Cable giants dealt potential win against TV startup Aereo by US govt
Aereo is a two-year-old startup company that has drawn the ire of major media players because it transmits their broadcasts via tiny antennas. Customers pay no more than $12 a month for the service, which comes with a cloud-based digital recorder. Aereo does not pay licensing fees to the broadcasters and has attracted a customer base from across the country, in part because the fees are much lower than the average cable bill.
The company is partly funded by Barry Diller, a former media executive with ties to Fox and the USA Network.
Last year, federal courts in New York and Boston sided with Aereo’s argument that the company is legally transmitting “private performances” to individual customers on their own leased antennas. That rationale is based on a 2008 Cablevision decision which permitted remote-storage DVR technology.
In February, though, an Ohio federal judge ruled in favor of the broadcasters and the case will now go before the US Supreme Court in late April. The decision will certainly have a major impact on how media consumers enjoy their content in an increasingly digital world.
Now, the Justice Department has filed an amicus brief urging the court to recognize that Aereo is “clearly infringing” on the copyrighted content of broadcasters.
Government attorneys claim that a function of the cloud-computing service is to offer consumers “more numerous and convenient means of playing back copies that the consumers have already lawfully acquired,” as quoted by the Guardian. However, Aereo’s service “enables subscribers to gain access to copyrighted content in the first instance – the same service that cable companies have traditionally provided.”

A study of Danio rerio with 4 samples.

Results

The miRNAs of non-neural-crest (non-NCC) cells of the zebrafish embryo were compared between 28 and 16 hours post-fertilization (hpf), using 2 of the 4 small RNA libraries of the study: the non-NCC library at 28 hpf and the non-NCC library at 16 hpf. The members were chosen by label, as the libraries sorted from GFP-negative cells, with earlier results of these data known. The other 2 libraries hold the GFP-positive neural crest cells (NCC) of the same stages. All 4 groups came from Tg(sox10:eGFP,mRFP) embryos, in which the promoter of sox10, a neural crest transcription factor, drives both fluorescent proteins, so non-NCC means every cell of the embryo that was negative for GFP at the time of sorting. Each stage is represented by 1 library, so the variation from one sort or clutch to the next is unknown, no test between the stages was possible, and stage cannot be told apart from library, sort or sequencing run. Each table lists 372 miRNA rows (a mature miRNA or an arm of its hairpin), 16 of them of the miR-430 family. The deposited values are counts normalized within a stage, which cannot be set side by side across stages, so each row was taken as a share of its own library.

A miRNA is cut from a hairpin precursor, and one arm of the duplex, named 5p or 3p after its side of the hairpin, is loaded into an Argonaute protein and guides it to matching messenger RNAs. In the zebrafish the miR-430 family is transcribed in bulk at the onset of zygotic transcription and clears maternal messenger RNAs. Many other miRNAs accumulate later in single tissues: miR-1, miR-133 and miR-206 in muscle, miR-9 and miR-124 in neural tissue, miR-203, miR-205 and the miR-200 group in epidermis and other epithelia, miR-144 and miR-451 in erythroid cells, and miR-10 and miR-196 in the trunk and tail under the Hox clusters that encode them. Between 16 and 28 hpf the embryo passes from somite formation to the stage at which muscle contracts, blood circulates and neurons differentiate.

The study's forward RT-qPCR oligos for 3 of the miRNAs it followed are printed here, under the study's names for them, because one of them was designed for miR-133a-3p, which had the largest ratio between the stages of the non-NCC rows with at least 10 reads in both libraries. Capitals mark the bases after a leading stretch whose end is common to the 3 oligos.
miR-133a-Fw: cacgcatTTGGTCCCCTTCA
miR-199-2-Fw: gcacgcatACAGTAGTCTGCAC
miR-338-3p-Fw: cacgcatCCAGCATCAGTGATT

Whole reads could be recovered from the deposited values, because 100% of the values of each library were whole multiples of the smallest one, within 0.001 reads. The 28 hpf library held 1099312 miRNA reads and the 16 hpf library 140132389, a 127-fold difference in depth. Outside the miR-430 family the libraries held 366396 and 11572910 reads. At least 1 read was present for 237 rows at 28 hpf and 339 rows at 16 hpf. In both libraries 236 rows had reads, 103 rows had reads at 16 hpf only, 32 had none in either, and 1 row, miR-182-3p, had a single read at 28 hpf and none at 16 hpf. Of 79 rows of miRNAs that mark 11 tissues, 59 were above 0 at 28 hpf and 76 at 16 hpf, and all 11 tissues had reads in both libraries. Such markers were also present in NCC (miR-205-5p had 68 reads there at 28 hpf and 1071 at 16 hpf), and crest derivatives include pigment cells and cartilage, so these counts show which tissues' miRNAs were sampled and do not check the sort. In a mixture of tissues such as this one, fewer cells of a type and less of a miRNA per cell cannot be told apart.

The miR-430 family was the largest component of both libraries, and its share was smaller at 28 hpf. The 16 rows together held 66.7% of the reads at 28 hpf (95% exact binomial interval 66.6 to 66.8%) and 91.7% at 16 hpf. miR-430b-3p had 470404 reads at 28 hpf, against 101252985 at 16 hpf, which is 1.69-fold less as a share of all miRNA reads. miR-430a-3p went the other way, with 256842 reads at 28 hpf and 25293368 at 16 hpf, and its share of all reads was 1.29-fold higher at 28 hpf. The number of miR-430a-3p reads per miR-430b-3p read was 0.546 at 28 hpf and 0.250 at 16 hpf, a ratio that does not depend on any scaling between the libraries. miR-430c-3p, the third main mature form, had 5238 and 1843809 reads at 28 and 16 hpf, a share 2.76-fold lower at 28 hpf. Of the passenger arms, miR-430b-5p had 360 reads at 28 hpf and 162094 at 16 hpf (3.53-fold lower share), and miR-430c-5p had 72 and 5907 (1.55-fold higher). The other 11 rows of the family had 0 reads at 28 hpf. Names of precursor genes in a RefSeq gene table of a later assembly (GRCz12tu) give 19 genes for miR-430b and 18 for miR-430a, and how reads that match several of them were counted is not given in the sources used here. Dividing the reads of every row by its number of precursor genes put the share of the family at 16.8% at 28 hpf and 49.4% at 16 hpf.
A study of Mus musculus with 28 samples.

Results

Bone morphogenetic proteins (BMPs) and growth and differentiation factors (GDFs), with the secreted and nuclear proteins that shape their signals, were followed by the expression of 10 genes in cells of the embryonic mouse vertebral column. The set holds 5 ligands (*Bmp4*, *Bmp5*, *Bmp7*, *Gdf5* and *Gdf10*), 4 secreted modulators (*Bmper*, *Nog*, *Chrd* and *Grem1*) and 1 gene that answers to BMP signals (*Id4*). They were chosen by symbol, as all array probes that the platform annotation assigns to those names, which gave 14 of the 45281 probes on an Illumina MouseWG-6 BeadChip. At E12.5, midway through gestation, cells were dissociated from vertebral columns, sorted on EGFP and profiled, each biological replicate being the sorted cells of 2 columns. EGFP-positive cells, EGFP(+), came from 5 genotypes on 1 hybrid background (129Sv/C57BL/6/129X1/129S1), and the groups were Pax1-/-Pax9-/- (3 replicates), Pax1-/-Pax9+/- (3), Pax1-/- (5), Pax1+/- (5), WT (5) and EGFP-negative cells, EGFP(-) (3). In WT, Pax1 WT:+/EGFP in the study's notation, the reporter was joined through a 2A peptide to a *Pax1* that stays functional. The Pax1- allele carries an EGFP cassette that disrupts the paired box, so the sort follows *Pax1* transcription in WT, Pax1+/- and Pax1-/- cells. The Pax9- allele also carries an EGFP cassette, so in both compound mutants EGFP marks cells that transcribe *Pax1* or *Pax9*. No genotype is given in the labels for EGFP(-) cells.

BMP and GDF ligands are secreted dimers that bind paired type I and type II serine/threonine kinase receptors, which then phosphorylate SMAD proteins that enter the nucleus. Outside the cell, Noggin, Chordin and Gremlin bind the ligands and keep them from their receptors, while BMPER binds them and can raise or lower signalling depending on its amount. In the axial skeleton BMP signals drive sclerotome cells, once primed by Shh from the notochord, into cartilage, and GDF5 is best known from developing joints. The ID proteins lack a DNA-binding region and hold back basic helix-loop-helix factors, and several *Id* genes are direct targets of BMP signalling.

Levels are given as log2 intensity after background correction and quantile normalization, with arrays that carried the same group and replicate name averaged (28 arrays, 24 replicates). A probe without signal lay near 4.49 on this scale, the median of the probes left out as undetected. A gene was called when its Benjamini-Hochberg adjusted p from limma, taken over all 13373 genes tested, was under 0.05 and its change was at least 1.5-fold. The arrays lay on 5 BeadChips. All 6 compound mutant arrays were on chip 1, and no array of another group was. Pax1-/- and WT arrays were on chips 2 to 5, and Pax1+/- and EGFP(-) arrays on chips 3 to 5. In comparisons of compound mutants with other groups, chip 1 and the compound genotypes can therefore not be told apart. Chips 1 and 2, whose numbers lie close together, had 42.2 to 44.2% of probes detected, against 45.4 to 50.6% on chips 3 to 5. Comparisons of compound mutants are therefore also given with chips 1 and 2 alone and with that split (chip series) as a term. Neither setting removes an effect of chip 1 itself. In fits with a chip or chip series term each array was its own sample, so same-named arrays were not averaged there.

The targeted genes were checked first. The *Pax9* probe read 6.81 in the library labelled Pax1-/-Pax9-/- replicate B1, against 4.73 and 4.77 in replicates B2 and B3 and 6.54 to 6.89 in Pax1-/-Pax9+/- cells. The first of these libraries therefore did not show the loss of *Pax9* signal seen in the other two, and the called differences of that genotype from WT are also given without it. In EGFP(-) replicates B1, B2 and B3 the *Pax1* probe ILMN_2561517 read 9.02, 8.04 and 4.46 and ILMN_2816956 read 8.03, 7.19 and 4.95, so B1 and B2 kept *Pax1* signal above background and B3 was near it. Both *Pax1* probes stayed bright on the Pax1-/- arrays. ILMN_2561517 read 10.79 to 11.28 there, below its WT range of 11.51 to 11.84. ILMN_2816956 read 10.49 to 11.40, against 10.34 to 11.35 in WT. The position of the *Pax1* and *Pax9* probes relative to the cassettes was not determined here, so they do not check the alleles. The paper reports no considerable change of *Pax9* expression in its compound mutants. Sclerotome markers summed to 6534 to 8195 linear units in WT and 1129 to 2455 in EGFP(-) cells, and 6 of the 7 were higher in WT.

The National Football League and Major League Baseball have also filed briefs supporting the broadcasters. The cable companies, in their petition to the Supreme Court, asserted that Aereo is “merely making tens of thousands of simultaneous ‘private’ performances to its subscribers.”
“This petition presents questions of copyright law that profoundly affect, and potentially endanger, over-the-air broadcast television,” the petition argues. “For decades, it has been settled law that third parties, such as cable and satellite operators, must obtain authorization to retransmit over-the-air broadcasts of television programs to the public. The broadcast television industry has invested billions of dollars producing and assembling high-quality and creative entertainment and news programming in reliance on this legal regime, which prevents retransmission services from free-riding on broadcasters’ investments and provides broadcasters with incentives for further investment and innovation.”
Aereo is available to customers in New York City, Boston, Atlanta, Salt Lake City, Miami, Houston, and Dallas, and has announced its intention to expand into a number of other metropolitan areas. The stakes are high for the young company, but CEO Chet Kanojia said he remains confident because of the 2008 Cablevision decision and because of his hope that the Supreme Court will recognize the precedent at stake.
“The biggest impact would be on cloud computing in general, and specifically, cloud-based storage services,” he told Time magazine. “Here’s an example. You recorded a show off of your antenna and you’d like to be able to watch it on any device you want. The same goes for a piece of music or an e-book. It doesn’t really matter where the media is, the statute covers everything.”
“Then you say I’m going to take all this stuff that I legitimately acquired, because I have the right to [receive] broadcast television and I purchased this song and I purchased this e-book, and I put it in my Google Drive, which is a cloud-based storage solution,” he went on. “Then I chose to stream it to myself whenever I want. That would be deemed illegal if Aereo is not legal.”